A welter of mostly cyclical issues, from exchange rates and airline baggage restrictions to troubled emerging market economies and fears of terrorism, are undoubtedly dragging the business down at the moment. But there are deeper concerns that the traditional model of duty free retailing and many of the assumptions underpinning it, such as price savings, a captive audience and being a shop window for premium brands is broken.
Some commentators in the drinks press have given dire warnings that the business is as little as four years away from total collapse, brought to the brink by a busted airport retail rental model that squeezes profit margins for both retailers and suppliers. The duty free retail industry’s slowness in recognising the importance of engaging smartphone-obsessed millennials has only compounded the feeling of a business in danger of long-term decline.
I feel some of this doom-mongering is a little overdone. It’s true that for small to medium-sized brands it’s never been harder to get a foot in the door of the handful of liquor buyers of the handful of retailers that dominate the industry, but the larger players remain very much engaged in the sector.
As Mike Dolan, CEO of Bacardi, told me in Cannes last October: “We are very bullish about it [travel retail]. There have always been hiccups in the growth of travel retail, but the trend line over the long haul is positive and we think that is going to continue. It’s important for us to be there in the right way and we are in it for the long term.”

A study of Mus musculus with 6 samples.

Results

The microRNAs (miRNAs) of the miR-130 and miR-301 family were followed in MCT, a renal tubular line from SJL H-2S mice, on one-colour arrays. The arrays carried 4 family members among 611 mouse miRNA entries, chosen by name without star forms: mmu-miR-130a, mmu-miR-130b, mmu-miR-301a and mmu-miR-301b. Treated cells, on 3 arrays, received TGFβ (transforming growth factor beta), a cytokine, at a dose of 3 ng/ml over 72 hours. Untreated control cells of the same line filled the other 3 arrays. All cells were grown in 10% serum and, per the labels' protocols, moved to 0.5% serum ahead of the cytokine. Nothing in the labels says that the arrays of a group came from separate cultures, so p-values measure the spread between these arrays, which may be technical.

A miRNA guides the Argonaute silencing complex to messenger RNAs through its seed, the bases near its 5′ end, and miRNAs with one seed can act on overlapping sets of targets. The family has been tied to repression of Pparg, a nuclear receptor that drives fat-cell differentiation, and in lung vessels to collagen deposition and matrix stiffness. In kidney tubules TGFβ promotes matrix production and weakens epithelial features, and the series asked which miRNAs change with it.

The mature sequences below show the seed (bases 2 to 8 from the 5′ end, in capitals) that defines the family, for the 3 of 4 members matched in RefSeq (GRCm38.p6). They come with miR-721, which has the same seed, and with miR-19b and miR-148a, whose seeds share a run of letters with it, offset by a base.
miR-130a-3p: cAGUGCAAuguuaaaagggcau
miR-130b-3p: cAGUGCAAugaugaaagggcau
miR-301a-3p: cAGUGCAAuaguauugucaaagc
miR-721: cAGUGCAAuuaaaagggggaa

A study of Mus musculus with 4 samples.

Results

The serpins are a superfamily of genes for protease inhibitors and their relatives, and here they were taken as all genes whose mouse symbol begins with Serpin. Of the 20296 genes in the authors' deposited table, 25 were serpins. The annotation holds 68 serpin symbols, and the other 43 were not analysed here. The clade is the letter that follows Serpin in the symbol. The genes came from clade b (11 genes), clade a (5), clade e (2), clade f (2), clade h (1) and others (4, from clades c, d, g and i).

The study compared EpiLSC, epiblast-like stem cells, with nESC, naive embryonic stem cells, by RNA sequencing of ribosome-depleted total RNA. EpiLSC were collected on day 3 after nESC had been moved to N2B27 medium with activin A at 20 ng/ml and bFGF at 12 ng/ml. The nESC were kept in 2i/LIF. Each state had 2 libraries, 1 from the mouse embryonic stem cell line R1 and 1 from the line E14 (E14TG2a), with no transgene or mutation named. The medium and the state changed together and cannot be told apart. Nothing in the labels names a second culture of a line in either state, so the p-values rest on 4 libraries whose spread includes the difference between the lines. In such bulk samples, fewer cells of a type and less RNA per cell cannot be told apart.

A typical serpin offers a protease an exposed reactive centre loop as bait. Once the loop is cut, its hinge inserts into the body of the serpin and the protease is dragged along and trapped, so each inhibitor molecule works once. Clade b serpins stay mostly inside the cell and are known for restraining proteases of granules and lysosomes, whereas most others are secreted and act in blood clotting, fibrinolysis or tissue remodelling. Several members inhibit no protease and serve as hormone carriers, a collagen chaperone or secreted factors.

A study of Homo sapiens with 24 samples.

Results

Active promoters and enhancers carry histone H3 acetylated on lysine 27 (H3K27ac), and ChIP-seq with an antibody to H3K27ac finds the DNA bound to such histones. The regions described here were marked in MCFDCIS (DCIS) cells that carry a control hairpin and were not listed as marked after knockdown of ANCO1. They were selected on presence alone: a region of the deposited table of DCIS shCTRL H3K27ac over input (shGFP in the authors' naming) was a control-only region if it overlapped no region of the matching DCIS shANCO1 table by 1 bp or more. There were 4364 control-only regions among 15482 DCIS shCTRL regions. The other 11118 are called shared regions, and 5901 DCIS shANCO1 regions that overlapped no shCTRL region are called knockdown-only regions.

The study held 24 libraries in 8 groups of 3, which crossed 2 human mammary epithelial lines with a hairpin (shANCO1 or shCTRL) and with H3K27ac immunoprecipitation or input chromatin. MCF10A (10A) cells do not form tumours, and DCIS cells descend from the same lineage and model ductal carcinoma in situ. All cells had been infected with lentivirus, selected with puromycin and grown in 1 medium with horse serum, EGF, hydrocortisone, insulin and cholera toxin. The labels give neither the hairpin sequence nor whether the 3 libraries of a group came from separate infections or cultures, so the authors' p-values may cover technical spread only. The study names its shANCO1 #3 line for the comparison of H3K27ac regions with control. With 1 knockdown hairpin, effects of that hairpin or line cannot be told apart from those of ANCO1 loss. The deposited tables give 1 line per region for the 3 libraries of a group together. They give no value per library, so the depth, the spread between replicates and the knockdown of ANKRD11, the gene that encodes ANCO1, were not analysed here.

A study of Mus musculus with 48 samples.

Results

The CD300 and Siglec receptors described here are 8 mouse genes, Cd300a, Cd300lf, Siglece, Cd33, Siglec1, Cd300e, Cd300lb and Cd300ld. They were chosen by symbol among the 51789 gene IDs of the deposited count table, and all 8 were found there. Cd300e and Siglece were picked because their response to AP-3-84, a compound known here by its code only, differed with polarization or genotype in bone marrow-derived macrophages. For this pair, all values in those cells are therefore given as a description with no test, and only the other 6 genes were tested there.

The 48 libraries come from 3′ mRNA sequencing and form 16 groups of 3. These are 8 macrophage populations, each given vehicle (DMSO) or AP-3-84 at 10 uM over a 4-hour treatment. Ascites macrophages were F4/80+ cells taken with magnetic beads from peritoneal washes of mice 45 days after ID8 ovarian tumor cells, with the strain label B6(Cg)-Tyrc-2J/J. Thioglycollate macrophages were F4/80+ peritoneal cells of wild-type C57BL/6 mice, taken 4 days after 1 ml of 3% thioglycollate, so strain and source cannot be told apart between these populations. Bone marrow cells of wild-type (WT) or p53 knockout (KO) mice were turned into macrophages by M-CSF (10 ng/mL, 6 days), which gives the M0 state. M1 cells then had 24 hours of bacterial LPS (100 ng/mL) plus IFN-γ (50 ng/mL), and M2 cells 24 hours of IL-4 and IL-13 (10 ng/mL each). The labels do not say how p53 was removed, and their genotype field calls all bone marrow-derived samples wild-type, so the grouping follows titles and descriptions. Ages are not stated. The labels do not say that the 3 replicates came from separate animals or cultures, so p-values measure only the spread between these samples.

Bacardi isn’t alone. The past few months have seen Diageo Global Travel open a permanent Johnnie Walker House at Bahrain Duty Free and a standalone Diageo Exclusive store at Ecuador’s Quito airport in partnership with Motta Internacional. The Edrington Group has also opened a standalone Macallan shop at Taiwan Taoyuan airport, which is also the venue for a new store dedicated to The Dalmore.
All this retail activity hardly suggests the major liquor players are thinking of pulling out of travel retail any time soon, but clearly some soul-searching is needed. This is exactly what Jack MacGowan, CEO of Aer Rianta International, did last month at the annual Middle East & Africa Duty Free Conference in Dubai. MacGowan argued the industry needs to redefine the promise to customers by creating positive perceptions – communicating clearer pricing messages, offering exclusive and personalised products, and delivering surprising and memorable in-store experiences.
“Customers are not as engaged or excited as they used to be,” he said. “On average only one in four customers benchmark for prices, yet we still focus on discounting as a key response to driving passenger spend.”
MacGowan cited a recent Baileys promotion at Dublin airport where passengers were able to get specific names printed on to bottles – it led to a 58% jump in sales. He also highlighted the importance of targeting travellers before they begin their journey through social media and digital advertising because research shows 75% of people decide before they travel whether they are going to shop.
MacGowan’s analysis is just the kind of imaginative leadership the business needs to get back on its feet.